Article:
EU climate plan adds momentum to global energy transition

EU climate plan

Creative Commons: Rock Cohen, 2008

The European Commission has pushed climate and energy further up the political agenda, revealing its blueprint for the global climate deal, which is due to be agreed in Paris in December.

In a document released today, says governments should target greenhouse gas emission cuts of 60% on 2010 levels by 2050, with countries belonging to the G20 taking the lead.

It also laid out the EU’s own contribution of “at least” 40% carbon cuts on 1990 levels of by 2030, a decision backed by member states last October and set to be confirmed in March.

The proposed climate pact, due to be settled in Paris, should be in the form of a legally binding Protocol agreed under the UN, says the Commission.

It wants the UN to put in place a review system to analyse progress every five years and assess whether the world will avoid warming 2C above pre-industrial levels, above which scientists believe climate change will be unmanageable.

Jason Anderson, Head of EU Climate and Energy Policy at WWF European Policy Office said:

The EU is painting a pretty impression of the Paris Protocol, but with a limited palette – its own commitments are in muted shades of grey. While it is contributing positively to a view of the overall process and design, Europe doesn’t deliver the needed clarity or ambition to be in line with its equitable share of global responsibility.

Along with its plan for global climate deal, the EU also published its hotly awaited Energy Union strategy today, which puts energy efficiency, renewables and emission reductions at the heart of Europe’s energy plans.

The very fact that a major bloc of countries like the EU is prioritising a plan to move away from fossil fuels and put greater emphasis on renewables and energy efficiency is further proof that major economies are shifting away from dirty fossil fuels and towards clean renewable energies.

As the first country or region in the world to come forward with a vision of what the global climate deal in Paris should look like, and the part it should play in this, the EU is also positioning itself as a climate leader.

But the plans are not perfect, as there is considerable emphasis on gas and a failure to properly tackle the question of climate finance, for example.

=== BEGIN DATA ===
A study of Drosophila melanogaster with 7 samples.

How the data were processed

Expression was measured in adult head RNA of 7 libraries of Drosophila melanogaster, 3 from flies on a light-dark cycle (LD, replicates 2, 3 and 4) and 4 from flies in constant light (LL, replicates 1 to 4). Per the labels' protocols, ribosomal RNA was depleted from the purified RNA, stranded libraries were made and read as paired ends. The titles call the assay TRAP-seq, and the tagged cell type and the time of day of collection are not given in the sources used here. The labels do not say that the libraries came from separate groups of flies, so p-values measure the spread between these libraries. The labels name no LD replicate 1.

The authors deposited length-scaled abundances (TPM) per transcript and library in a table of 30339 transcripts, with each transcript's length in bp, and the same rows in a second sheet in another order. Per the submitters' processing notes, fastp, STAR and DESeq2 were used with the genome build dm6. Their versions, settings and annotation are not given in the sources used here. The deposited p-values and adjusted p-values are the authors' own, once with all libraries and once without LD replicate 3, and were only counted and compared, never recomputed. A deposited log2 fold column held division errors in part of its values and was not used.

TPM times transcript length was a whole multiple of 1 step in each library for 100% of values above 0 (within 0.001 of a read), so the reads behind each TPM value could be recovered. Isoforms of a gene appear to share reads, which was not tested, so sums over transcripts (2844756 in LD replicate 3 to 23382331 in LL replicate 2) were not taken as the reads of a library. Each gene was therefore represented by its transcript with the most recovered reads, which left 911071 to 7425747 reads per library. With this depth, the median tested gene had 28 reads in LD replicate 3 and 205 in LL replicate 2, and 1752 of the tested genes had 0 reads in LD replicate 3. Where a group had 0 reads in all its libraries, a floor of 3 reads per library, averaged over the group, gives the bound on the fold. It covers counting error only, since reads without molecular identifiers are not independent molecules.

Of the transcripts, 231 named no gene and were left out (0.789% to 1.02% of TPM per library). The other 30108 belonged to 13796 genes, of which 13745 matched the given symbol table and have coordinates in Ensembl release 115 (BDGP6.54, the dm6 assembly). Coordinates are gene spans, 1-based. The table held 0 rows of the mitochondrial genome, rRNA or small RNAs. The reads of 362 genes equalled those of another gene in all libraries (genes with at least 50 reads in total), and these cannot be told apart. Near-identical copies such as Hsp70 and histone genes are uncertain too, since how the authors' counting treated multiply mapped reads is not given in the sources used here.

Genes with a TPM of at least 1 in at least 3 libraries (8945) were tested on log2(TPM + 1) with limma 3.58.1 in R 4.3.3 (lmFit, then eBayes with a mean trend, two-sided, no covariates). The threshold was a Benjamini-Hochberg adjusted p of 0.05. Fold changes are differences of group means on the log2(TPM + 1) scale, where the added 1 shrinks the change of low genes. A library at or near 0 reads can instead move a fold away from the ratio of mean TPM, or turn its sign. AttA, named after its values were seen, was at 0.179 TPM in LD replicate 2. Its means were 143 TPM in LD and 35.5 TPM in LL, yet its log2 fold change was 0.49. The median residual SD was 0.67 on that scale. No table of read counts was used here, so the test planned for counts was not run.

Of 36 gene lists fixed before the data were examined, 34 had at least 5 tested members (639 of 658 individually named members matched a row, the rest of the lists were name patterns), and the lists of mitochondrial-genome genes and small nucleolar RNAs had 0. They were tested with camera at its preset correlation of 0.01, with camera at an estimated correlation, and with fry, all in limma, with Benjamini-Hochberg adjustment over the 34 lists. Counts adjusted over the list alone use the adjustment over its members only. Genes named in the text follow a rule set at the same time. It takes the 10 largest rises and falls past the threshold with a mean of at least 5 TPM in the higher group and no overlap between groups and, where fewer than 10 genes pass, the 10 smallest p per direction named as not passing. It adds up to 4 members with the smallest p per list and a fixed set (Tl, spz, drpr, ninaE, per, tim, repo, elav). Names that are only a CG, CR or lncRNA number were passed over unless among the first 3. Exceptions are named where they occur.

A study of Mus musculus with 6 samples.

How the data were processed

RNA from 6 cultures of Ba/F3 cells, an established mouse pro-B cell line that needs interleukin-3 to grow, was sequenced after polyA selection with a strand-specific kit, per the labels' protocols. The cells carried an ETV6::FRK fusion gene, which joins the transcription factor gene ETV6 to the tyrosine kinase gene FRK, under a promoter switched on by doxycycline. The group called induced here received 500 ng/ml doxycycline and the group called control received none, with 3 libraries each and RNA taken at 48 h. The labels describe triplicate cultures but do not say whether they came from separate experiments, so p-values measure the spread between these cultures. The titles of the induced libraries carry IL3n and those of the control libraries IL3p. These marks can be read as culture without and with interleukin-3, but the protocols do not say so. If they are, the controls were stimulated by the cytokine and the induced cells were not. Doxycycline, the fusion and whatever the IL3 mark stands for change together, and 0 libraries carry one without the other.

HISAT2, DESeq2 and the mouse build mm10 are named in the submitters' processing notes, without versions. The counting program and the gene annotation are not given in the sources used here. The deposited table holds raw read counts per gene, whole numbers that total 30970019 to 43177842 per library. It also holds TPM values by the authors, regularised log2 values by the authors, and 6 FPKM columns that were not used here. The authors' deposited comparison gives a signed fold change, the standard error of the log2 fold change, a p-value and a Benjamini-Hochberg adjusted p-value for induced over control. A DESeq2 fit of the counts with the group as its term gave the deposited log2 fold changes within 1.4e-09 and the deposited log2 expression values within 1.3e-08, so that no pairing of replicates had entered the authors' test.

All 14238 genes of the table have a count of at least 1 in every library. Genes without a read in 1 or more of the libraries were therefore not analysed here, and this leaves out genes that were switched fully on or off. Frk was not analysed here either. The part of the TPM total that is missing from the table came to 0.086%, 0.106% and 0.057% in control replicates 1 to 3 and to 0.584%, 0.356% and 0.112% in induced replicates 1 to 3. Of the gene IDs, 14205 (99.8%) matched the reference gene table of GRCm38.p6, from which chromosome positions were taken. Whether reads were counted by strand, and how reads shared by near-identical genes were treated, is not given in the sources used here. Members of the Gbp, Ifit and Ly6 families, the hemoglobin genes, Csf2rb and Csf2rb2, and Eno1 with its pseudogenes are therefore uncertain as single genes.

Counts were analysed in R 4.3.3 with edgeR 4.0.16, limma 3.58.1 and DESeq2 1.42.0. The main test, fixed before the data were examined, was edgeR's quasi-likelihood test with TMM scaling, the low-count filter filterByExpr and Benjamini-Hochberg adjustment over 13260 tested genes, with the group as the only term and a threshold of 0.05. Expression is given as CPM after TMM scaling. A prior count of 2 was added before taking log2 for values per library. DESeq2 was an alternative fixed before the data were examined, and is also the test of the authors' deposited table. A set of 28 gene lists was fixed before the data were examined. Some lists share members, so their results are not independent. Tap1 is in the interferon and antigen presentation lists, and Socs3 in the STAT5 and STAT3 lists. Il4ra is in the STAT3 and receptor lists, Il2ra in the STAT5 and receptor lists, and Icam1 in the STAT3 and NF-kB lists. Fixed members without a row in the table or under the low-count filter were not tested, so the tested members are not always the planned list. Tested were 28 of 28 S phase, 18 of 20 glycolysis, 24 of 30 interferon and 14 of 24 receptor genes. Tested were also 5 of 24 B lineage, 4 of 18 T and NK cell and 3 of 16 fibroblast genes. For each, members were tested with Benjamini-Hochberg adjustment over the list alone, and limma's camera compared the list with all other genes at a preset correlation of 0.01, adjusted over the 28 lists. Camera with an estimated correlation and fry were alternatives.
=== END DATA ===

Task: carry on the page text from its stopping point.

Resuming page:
Wendel Trio, Director of Climate Action Network Europe said:

Legally binding outcome of the Paris negotiations will provide greater certainty that countries deliver their commitments. At the same time, the Commission does not specify Europe’s contributions to bridging the gaps in international climate finance and short-term emission reductions. Without addressing these, getting any deal in Paris will be very difficult. The amount of greenhouse gases that the EU will be allowed to emit after 2020 remains unclear. The proposal does not close potential loopholes which can dilute the EU’s 2030 emissions reduction target by up to 4.5%, according to conservative estimations.

Experts and observers warn that there is room for improvement in this promising first offer.

With higher ambition levels on emission reductions, mobilising more finance for climate action, and spending much less on fossil fuel infrastructure – they say – Europe would be in a better position to help negotiate a strong outcome in December.

EU ministers will now discuss these plans, and NGOs are calling on them to go further.

This is necessary to keep global warming below 2C and to ensure that vulnerable populations inside and outside Europe are safe from the ravages of climate change.

Liz Gallagher, E3G climate diplomacy programme leader said:

The Commission’s contribution to the INDC is an important milestone, but only the opening gambit for Paris.  There is a deal to be done in Paris, and Europe will need to work with others to go beyond their current levels of ambition. European leaders have committed to avoid dangerous climate change, and so this isn’t the final word on the matter.

With more and more citizens, businesses, investors and scientists demanding and leading this growing energy transition, governments can now do the responsible thing and speed it up by presenting strong and ambitious plans, in order to manage the climate risks facing their nations and vulnerable people worldwide.

The EU has set that ball rolling. Now other governments are also expected to present their offers for the Paris agreement and to outline their role in making the global energy transition just and orderly.

“We have seen encouraging signals since September’s Climate Week NYC and UN Climate Summit, with businesses and sub-national governments highlighting the benefits of the incoming low carbon economy,” said Mark Kenber, CEO, The Climate Group.

“And the historic US-China deal has added spin to this momentum. Following the EU’s early INDC submission, now it’s the rest of the world’s turn to show how true climate leadership is done.”